It's interesting to watch the leadership styles of certain top CEOs and see how much they've discarded traditional organizational structures. Certain concepts like "command and control," "chains of command," or "spans of influence" seem archaic.
Any human organization is dynamic; it pulses with constructive and destructive energies throughout the day, week and month. Where traditionally managers have sought to harness the energy, contemporary managers are learning that productive management often has a lot to do more with self-management.
The skills born of emotional intelligence create models of preferred behavior and can often be summarized as being:
- Self-awareness - Our own unique ability to understand our individual tendencies, perceive our emotional state and proceed to behave in certain ways.
- Social awareness - The ability to recognize other people's emotions and inner thoughts. This, coupled with self-awareness, comes in particularly helpful with relationship management.
- Self-management - Being able to keep flexible and aware of our own emotional state so as to insure positive and constructive behavior.
Notice that these characteristics are soft skills, but they inform how well leaders make decisions, tolerate stress, and manage time, among many other things. These all important factors in whether those leaders earn respect and find success.
If the following CEOs and their actions are any indication, emotional intelligence is alive and well in the workplace.
Directly and indirectly, Jeff Bezos and Amazon have taken some hits. In 2015 Payscale ranked Amazon 464 out of the Fortune 500 companies in terms of employee turnover. The median tenure was 12 months. However, the fact is that Amazon has been hiring people at an amazing pace and that would skew any report. As we move into 2018 it's obvious that Bezos has built a finely tuned machine that seems optimally positioned to keep doing extraordinarily well.
Amazon fulfillment centers have been criticized for difficult working conditions. Bezos has responded by saying that these anecdotes of "callous management practices" don't "describe the Amazon I know or the caring Amazonians I work with every day. But if you know of any stories like those reported, I want you to escalate to HR. You can also email me directly at firstname.lastname@example.org. Even if it's rare or isolated, our tolerance for any such lack of empathy needs to be zero."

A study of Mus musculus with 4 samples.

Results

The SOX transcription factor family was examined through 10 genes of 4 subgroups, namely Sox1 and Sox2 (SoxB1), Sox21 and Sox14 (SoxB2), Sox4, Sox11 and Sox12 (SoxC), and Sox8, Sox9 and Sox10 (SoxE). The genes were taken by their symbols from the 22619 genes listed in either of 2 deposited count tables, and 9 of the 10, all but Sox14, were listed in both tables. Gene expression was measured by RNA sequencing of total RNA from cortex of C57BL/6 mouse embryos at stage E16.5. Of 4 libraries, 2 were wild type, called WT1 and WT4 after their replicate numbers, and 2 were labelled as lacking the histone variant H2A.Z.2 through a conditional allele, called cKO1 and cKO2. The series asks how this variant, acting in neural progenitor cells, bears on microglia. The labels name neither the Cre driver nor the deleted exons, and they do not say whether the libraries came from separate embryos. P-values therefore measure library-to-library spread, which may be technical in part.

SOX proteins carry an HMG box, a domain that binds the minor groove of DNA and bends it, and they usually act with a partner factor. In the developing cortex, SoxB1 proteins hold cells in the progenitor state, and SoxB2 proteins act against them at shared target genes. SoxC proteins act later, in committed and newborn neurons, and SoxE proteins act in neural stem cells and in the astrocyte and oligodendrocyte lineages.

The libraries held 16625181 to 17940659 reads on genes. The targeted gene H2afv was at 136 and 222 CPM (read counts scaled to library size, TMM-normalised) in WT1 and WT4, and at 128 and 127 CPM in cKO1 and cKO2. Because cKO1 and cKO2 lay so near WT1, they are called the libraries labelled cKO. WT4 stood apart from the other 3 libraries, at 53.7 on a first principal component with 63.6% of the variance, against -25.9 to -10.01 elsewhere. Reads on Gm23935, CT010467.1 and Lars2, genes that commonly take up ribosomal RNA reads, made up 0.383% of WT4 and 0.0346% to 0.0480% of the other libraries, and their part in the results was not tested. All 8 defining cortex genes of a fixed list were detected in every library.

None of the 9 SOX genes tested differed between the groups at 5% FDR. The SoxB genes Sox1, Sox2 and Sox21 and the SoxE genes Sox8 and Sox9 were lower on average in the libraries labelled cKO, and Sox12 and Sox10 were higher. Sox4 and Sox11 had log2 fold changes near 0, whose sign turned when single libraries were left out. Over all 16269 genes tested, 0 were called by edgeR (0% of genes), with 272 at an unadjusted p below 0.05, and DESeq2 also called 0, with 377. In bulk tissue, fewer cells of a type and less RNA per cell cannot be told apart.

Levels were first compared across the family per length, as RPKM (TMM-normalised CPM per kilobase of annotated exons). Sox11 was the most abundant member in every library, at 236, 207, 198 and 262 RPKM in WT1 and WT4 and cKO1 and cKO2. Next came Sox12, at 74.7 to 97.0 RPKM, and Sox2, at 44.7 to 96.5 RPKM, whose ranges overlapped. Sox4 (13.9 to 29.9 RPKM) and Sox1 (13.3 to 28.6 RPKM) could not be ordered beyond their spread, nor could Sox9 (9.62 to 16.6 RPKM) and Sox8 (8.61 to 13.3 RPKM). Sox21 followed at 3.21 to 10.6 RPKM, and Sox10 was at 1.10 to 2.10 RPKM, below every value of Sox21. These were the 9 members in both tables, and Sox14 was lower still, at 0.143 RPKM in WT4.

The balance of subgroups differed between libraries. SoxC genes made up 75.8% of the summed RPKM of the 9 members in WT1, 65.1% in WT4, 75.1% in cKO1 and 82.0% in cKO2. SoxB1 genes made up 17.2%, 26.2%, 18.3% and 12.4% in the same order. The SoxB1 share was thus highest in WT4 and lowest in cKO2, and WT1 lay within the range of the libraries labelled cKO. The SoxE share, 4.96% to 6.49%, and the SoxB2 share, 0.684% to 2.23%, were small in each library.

Obviously we don't know how angered Bezos may have been, but this is an emotionally mature and intelligent response, striking all the right notes to encourage empathy, communication, self-confidence and more.
Ursula Burns readily reminds you, "I'm a black lady from the Lower East Side of New York... Not a lot intimidates me."
Burns succeeded former CEO Anne Mulcahy in the first woman to woman CEO leadership transfer in Fortune 500 history. She also helped guide Xerox through near bankruptcy.
Her legacy would eventually be to engineer and drive the reinvention of the corporation from a manufacturing business to something new and unique. With that said, emotional intelligence did not come easy to Ursula. Mulcahy wrote:
"Earlier in her career she didn't have a good poker face--all her emotions were visible. That's a big thing for a CEO, because everybody is looking at you. You can destroy someone by showing your emotions, particularly negative ones. It just shuts people down. ... As chief executive, you have to consciously set the right tone, and Ursula worked to develop that."
But, as time passed, Burns began to get it. In doing so, she would emerge as a self-confident leader who put the company's interests first. And, the company and its culture reaped the rewards.
Apparently a man of extraordinary genius and vision, Elon Musk has fingers in almost as many pies as Bezos.
Musk doesn't display Burns' frank assertiveness nor Bezos' sometimes dour demeanor. Apparently very amiable, Musk is media-ready. He's charming and articulate with a bit of showmanship thrown in.
In response to a recent claim that Tesla had incurred 30% more employee injuries than the industry standard, Musk committed to personal accountability in an email to employees. In it, he indicates that it breaks his heart whenever an employee is injured while building cars and that he sincerely cares for their well-being and safety.
He then asked to be notified directly about every injury, meet with the injured employees personally, then attempt to do their tasks, so he can see what needs to be fixed.
"This is what all managers at Tesla should do as a matter of course. At Tesla, we lead from the front line, not from some safe and comfortable ivory tower. Managers must always put their team's safety above their own."
While it's true that sternness and even greed often drive performance and profits, that doesn't always have to be the approach. Emotional intelligence characterizes the most admirable of human organizations. And, the three CEOs here use emotional intelligence that expands their businesses. Fortunately, they are not alone.